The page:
Virtual Incision, a medical device company pioneering a first-of-its-kind miniaturized surgical robot, has announced it has raised US$20 million in a Series B+ financing to support regulatory and clinical programmes leading to the commercialisation of the company’s MIRA (Miniaturized In Vivo Robotic Assistant) Surgical Robotic Platform. The company is filing for an Investigational Device Exemption (IDE) with the FDA, approval will allow the company to initiate a confirmatory clinical study of the MIRA Surgical Robotic Platform in support of regulatory pathway to approval. The study will evaluate the safety and efficacy of the MIRA platform for colon resection surgeries in patients at a number of US investigational sites.
MIRA is an investigational robot that will enable surgeons to perform minimally invasive surgeries in any hospital or surgery centre, without the need for a dedicated space or for the infrastructure typically required for other ‘mainframe’ robotic systems. Weighing only two pounds, the miniature single incision platform has full robotic capabilities, and can easily be moved from room to room. Virtual Incision’s goal is to increase patients’ access to minimally invasive abdominal surgery and to maximise hospital efficiency in various settings at a price point significantly lower than currently available robotic systems. The company is focusing first on colon resection, with follow-on specialty robots for additional potential applications like hernia repair, gallbladder removal, anti-reflux surgery, splenectomy, adrenalectomy, gastric sleeve, gastric bypass, hysterectomy and hepato-pancreato-biliary procedures.
“We designed the MIRA Surgical Robotic Platform with the fundamental understanding that minimally invasive procedures offer tremendous benefits to patients. We believe our portable and affordable abdominal robot has the potential to bring these benefits to many more patients,” said John Murphy, president and CEO of Virtual Incision. “The planned IDE clinical study of MIRA is the critical next step for the company.”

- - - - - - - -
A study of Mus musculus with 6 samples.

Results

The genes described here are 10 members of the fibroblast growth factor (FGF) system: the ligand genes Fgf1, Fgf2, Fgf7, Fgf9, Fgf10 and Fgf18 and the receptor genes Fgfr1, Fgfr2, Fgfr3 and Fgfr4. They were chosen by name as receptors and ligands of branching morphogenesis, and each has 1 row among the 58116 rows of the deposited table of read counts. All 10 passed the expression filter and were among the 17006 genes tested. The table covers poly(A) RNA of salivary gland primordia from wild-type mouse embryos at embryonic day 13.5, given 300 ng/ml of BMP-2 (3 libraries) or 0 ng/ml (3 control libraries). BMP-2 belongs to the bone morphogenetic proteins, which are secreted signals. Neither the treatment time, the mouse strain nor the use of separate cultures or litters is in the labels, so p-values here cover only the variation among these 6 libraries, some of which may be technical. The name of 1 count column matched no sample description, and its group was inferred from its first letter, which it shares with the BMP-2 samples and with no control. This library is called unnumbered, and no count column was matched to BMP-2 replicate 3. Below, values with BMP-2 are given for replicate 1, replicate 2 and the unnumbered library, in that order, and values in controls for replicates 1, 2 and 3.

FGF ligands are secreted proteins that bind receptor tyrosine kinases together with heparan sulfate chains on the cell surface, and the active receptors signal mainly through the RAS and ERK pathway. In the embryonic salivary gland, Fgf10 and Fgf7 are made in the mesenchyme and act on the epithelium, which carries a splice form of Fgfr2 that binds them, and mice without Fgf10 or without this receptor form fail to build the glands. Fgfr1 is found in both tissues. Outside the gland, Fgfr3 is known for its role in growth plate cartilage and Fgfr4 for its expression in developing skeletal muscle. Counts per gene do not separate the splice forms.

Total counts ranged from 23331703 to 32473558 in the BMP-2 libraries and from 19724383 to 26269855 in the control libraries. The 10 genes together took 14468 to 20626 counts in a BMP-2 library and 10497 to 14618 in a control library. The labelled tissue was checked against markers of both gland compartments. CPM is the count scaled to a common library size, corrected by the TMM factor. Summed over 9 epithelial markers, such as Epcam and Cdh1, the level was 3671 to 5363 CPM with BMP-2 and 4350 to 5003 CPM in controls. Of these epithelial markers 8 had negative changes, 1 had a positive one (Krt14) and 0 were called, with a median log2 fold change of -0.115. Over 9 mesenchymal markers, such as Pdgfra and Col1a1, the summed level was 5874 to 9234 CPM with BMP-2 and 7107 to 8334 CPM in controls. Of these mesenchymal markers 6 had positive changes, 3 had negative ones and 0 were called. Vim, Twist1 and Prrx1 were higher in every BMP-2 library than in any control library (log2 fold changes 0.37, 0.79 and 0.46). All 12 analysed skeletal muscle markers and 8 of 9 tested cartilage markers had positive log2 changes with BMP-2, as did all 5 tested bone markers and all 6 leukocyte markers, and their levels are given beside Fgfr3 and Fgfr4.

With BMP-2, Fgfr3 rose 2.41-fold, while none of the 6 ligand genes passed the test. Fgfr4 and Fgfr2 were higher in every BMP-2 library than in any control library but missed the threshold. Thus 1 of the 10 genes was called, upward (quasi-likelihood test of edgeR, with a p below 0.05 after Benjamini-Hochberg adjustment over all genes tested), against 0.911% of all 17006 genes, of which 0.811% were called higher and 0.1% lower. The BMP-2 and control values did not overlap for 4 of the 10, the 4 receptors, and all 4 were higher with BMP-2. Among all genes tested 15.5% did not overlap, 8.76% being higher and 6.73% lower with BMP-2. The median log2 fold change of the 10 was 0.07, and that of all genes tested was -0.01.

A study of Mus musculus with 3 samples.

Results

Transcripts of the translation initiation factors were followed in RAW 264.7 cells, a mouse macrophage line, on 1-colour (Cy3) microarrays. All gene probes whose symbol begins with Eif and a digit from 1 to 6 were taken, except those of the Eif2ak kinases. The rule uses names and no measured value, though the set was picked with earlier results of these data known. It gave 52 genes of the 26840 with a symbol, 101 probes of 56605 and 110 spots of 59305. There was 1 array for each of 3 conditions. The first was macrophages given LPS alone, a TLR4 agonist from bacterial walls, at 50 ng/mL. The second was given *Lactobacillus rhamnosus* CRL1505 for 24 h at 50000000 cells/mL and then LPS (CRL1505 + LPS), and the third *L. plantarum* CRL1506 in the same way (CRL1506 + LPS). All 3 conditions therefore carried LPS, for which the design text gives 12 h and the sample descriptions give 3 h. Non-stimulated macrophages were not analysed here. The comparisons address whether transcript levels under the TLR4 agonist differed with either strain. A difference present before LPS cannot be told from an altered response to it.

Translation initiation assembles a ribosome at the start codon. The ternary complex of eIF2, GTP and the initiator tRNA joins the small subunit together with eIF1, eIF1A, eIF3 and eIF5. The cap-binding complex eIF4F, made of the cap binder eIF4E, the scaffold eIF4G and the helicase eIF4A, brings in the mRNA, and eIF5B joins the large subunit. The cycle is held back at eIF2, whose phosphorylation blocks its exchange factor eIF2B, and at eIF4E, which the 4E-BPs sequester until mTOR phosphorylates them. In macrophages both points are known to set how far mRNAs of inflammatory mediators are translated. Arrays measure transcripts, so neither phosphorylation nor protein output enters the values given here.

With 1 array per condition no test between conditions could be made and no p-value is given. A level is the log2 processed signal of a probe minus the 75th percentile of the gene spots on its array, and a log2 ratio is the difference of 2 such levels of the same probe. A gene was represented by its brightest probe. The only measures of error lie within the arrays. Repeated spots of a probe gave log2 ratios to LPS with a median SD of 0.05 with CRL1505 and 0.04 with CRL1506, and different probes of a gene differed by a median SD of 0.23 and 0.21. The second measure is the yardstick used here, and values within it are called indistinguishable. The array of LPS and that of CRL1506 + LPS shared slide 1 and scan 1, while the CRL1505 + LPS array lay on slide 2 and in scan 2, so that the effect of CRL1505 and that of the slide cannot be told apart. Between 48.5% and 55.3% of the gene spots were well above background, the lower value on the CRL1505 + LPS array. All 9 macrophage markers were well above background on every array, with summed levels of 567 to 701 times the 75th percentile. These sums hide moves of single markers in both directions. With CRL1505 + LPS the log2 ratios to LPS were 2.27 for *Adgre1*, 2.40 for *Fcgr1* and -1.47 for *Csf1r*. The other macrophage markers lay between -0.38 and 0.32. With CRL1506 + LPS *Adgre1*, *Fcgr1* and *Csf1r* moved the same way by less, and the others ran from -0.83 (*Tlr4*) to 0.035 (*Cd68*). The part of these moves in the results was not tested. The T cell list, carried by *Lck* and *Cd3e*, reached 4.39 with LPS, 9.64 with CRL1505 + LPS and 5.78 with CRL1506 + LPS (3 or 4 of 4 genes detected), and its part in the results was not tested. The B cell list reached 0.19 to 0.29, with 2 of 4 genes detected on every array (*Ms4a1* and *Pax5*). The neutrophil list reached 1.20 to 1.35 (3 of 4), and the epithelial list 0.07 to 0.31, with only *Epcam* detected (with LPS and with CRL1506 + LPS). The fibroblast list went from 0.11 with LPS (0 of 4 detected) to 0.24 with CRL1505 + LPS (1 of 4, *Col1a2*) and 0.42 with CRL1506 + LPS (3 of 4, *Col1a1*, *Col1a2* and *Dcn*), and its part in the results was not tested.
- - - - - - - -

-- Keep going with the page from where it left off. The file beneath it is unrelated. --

Colorectal and lower gastrointestinal procedures are among the fastest growing surgeries in the US, with more than 400,000 colon resection procedures performed each year. Today, the most standard approach for treating patients with severe conditions is via a colectomy, which is often an invasive open surgery that can involve a very large incision, a long hospital stay and several weeks of recovery. Open colectomies carry a high risk of surgical site infection and other complications that can negatively affect a patient’s quality of life. Minimally invasive colectomies have been demonstrated to offer important benefits, and the use of miniaturised robotic surgery can potentially make these benefits more broadly available. Laparoscopic colectomies, though also minimally invasive, can be difficult to perform and can have less than ideal cosmetic outcomes.
“Beyond our initial device design for colon resection, Virtual Incision has begun developing a family of procedure-specific mini-robots for additional operations such as hernia repair, gallbladder removal and others, potentially enabling millions more surgical procedures each year,” said Dr Shane Farritor, Virtual Incision’s co-founder and chief technology officer. “The Virtual Incision team has developed a unique robotic platform that has incredible potential to transform surgery,” said Steve Kirby, founding partner, Bluestem Capital. “With its foundational intellectual property – including more than 200 patents and applications – we are convinced that Virtual Incision will be leading the next wave of innovation in robotic surgery with the pioneering MIRA system.”
“Demand for minimally invasive surgeries continues to increase, and we are enthusiastic about the promise of the MIRA platform to meet this demand, while also delivering unparalleled flexibility,” said Dr Dmitry Oleynikov, Virtual Incision’s co-founder and chief medical officer. “We are focused on expanding access to minimally invasive robotic procedures and delivering this innovation to the many centres where a smaller, simpler and less costly solution is needed.”
Unlike today’s robots that reach into the body from outside the patient, Virtual Incision’s MIRA Surgical Robotic Platform features a small, self-contained surgical device that is inserted through a single midline umbilical incision in the patient’s abdomen. Virtual Incision’s technology is designed to enable complex multi-quadrant abdominal surgeries utilising existing tools and techniques familiar to surgeons, and does not require a dedicated operating room or specialised infrastructure. Because of its much smaller size, the robot is expected to be significantly less expensive than existing robotic alternatives for laparoscopic surgery.